By Christine Graf
Husband and wife Brandon and Keely Whalen of Wilton— whose family opened the Wind-Chill Factory in Ticonderoga in 1996—recently opened Wind-Chill Factory, a seasonal ice cream, food, and miniature golf business at 3 Trieble Ave. in Ballston Spa.
The flagship location of Wind-Chill Factory was opened in Ticonderoga by Brandon’s father, Bobby Porter. Brandon grew up working at Wind-Chill Factory. He met his future wife while they were classmates in high school. Keely’s parents, John and Roberta Cooper, own Frenchy’s, a roadside food and ice cream business in Crown Point in Essex County.
“They purchased it when I was two years old, so I literally was born and raised in the industry,” said Keely Whalen of Frenchy’s. “Brandon was also raised in the exact same kind of business. He worked there all through high school and up until he joined the Navy.”
The couple married in 2015 and lived for several years in Connecticut while Brandon was stationed there They relocated to the Capital Region in 2019 after he was reassigned to the Nuclear Power Training Unit in Ballston Spa where he serves as an instructor.
The Whalen’s have always dreamed of opening their own Wind-Chill Factory location.
“We’ve always said that we wanted to do that,” said Whalen. “Brandon’s getting out (of the Navy) in a year-and-a half, and we saw the place in Ballston Spa and decided to ask if the owner was open to selling.”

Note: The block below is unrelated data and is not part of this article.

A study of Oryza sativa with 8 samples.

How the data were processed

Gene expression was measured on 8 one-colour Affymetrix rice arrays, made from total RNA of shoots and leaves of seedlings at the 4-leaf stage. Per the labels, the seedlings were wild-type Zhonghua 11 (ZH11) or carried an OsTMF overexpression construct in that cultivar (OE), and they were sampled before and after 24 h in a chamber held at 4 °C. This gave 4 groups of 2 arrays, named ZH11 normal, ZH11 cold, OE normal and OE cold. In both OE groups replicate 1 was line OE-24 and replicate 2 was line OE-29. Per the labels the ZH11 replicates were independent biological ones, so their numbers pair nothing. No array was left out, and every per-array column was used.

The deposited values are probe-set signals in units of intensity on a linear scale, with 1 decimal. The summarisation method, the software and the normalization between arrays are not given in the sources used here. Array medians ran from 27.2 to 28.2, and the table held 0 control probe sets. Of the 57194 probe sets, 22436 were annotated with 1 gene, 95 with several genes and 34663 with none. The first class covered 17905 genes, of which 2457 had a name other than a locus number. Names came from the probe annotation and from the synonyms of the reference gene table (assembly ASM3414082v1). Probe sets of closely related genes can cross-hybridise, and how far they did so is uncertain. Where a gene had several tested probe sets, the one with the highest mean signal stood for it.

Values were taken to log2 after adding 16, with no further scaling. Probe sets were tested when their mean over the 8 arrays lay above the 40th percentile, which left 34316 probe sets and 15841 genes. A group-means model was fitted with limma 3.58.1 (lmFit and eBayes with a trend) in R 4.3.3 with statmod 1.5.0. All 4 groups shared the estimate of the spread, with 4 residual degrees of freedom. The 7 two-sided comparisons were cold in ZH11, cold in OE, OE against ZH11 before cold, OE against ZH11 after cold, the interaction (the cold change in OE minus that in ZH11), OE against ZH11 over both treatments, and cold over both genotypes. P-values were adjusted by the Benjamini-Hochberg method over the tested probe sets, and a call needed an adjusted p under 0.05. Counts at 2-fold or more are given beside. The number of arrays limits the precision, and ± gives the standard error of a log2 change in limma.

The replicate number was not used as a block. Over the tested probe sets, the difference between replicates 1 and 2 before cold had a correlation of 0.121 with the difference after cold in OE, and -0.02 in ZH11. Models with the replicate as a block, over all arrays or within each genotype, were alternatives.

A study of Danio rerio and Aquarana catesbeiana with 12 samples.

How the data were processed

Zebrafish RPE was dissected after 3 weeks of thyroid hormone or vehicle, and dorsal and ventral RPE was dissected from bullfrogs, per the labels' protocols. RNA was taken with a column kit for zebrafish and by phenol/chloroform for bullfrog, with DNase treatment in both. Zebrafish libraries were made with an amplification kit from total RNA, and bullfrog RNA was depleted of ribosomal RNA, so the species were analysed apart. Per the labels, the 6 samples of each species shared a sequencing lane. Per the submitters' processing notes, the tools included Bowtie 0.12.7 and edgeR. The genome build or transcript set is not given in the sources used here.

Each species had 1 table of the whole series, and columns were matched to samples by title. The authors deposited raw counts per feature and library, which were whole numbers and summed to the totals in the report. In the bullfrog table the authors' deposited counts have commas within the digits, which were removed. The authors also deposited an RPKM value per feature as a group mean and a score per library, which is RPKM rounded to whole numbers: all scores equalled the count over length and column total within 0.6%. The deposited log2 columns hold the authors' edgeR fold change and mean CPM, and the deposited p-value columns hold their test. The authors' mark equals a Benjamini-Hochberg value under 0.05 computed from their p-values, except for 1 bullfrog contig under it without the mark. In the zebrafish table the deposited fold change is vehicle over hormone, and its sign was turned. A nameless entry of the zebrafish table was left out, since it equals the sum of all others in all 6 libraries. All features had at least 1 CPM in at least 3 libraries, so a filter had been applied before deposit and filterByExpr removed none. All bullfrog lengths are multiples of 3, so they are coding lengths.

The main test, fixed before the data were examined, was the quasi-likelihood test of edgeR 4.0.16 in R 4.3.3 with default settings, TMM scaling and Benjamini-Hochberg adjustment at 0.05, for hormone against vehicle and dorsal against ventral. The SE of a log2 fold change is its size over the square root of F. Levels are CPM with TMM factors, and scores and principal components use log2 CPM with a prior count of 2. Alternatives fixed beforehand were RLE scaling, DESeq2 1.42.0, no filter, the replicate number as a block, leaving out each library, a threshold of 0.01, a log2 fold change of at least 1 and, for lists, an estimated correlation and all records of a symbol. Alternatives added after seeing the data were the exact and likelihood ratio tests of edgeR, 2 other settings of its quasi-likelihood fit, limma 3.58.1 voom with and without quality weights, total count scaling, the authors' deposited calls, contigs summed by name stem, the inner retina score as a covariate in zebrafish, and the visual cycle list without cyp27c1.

The business, Mr. Bill’s, was not for sale at the time. The owner made the decision to sell after being approached by the Whalens.
Before opening Wind-Chill Factory on April 7, they restored the miniature golf course with 18 new greens. They also purchased some new equipment and reconfigured the interior.
“There was a lot we had to do, and it was long process,” she said.”We worked 13 hours a day, and we are both there constantly. I am there Monday through Friday during the day, and Brandon comes on his way home from work and spends a few hours.”
Wind-Chill Factory is a seasonal business with outside seating. In addition to serving soft and hard ice cream, it offers a grill menu that includes hot dogs, hamburgers, cheese steaks, fish and chips, salads, clams and shrimp.
They also plan to host a classic car show every Wednesday.
The business employs 35, and the number is expected to increase during peak summer months.
“Our Ticonderoga location is very well-known,” said Whalen. “When people go camping at Lake George, they will drive from Lake George to Ticonderoga just to go there. It’s a very popular Adirondack favorite.”
According to Keely Whalen, “Our long-term goal is to open more locations, but right now we want to make sure our attention is focused on getting this running absolutely as smoothly as possible.”